We eat to stay alive, fuel our daily activities, and to heal the body. Our body is designed to enjoy the taste of food. So why do we count calories? Counting calories is one of several ways to measure how much fuel in the form of food and drink we consume and how much energy we expend through the body’s metabolic processes, daily activities and exercise. Most of us either consciously or unconsciously count the calories we consume; here are a few of our best calorie counting tips for divers.
Calorie counting tips for divers
The easiest way to count calories is to use a “food counts” book. Food counts books, similar to food labels, tell us how many calories, protein, fat, carbohydrates, sodium and other nutrients are in a particular food. Some apps can provide a similar service online.
Fat has nine calories per gram while protein and carbohydrates have only four calories per gram. So based on calories alone, it seems that a diver who wants to lose body weight should avoid fat in the diet. But calories alone are not as important as the type of food. There are “good” fats like those found in avocados, for example. Some divers are already at an ideal body weight and eat to fuel exercise and sports. Long-distance runners actually rely on dietary fat for fuel to complete events that can last for hours. Divers, however, need very little fat as fuel for diving.
Limit your fats
Diving is a moderate activity, and with dives lasting less than an hour and surface-interval snacking, fat consumption of any kind is best kept to 15 percent or less of daily calories. Other macronutrient recommendations for diving are 55 percent of calories from carbohydrates and 35 percent from protein. This macronutrient combination is based on the muscle energetics of activities like sitting, walking and standing under the load of dive gear, moving around on the surface of the water and fin-kick swimming at depth. Fresh whole foods and natural lean proteins offer lots of efficient, healthy fuel. Divers can eat chicken, fish, beef, turkey, tofu and even lean pork up to four times a day. Divers can also eat unlimited quantities of vegetables and several portions of fruit each day, giving them many choices to satisfy hunger and maintain a better body composition.
Practice mindful eating
Sometimes eating is for pleasure and food is almost always a part of celebrations. Other times, eating is mindless or because of stress and anxiety. Focus on your hunger, not boredom, to practice mindful eating. Eating small, frequent meals helps divers avoid cravings, overeating and binging, especially while watching television or at the movies. Remember, beverages often have more calories than foods. Soda, fancy coffees, and sports drinks are usually loaded with sugar, fats and stimulants. Eating protein first gives carbohydrates a place to land, helps regulate blood-sugar levels and makes the meal more satisfying.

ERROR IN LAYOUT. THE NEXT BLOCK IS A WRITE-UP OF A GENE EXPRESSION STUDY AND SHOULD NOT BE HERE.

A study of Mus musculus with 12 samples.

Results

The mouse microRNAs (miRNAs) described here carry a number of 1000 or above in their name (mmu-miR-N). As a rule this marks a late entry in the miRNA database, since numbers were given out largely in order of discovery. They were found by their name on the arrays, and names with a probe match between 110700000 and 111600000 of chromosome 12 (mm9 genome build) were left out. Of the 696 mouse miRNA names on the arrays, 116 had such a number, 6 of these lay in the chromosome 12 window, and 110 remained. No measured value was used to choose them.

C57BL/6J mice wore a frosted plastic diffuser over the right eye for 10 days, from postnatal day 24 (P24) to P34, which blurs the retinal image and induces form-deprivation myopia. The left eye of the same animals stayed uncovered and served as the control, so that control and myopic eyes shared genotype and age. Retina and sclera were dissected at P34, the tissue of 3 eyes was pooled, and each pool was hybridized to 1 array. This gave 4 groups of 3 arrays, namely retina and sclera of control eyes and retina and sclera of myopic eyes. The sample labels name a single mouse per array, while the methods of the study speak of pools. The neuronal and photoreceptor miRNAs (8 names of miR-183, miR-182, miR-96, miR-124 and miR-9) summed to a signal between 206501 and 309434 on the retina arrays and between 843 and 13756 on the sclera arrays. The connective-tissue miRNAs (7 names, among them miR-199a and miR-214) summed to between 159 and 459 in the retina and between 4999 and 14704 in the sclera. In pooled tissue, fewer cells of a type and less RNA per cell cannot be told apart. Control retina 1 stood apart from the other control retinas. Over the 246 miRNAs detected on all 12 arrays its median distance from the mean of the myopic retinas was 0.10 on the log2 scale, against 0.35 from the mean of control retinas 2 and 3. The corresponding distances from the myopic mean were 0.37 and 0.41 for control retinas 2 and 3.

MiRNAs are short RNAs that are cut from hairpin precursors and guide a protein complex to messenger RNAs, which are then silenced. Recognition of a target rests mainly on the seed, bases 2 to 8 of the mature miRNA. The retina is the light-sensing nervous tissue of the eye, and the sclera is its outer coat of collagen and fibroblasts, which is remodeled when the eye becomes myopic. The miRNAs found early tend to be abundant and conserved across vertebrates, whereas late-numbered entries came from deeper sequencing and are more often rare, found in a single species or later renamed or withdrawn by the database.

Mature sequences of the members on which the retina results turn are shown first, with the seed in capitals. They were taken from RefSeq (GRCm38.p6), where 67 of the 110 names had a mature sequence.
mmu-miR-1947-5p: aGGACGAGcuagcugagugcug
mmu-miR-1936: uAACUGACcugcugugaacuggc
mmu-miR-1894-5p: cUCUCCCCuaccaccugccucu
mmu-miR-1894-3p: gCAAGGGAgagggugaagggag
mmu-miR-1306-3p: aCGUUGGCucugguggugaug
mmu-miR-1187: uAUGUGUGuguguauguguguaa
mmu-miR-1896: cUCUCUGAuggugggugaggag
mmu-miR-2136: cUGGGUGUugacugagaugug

How many calories do you need?
How many calories should a diver eat each day? A very general rule is to add a zero to your body weight. A diver weighing 185 pounds and planning to lose body fat might begin with a guideline of 1,850 calories as a baseline. Dives can decrease calories based on individual metabolic rate and increase calories to accommodate daily activities and exercise. Once you’ve determined your total daily caloric needs, structure your meal planning and portions by using calorie-counting tools or a food scale. Weighing food will help you visualize portion size and can make programmed eating easier.
Calorie counting and measuring don’t work for everyone, however. Healthy eating on the fly is best for some divers who don’t have time for measuring. Focusing too much on food can also represent a stumbling block. Avoiding bad fats and sugars is imperative to eating on the fly. Six small meals that include protein, fruits and vegetables spread out throughout the day will help maintain physical energy and mental acuity. New habits become part of a healthy lifestyle once a diver understands how important it is to eat foods with the highest nutritional value and the least calories. Visualizing portion sizes, paying attention to natural hunger, and eating smaller, more frequent meals are all part of a healthy lifestyle as well.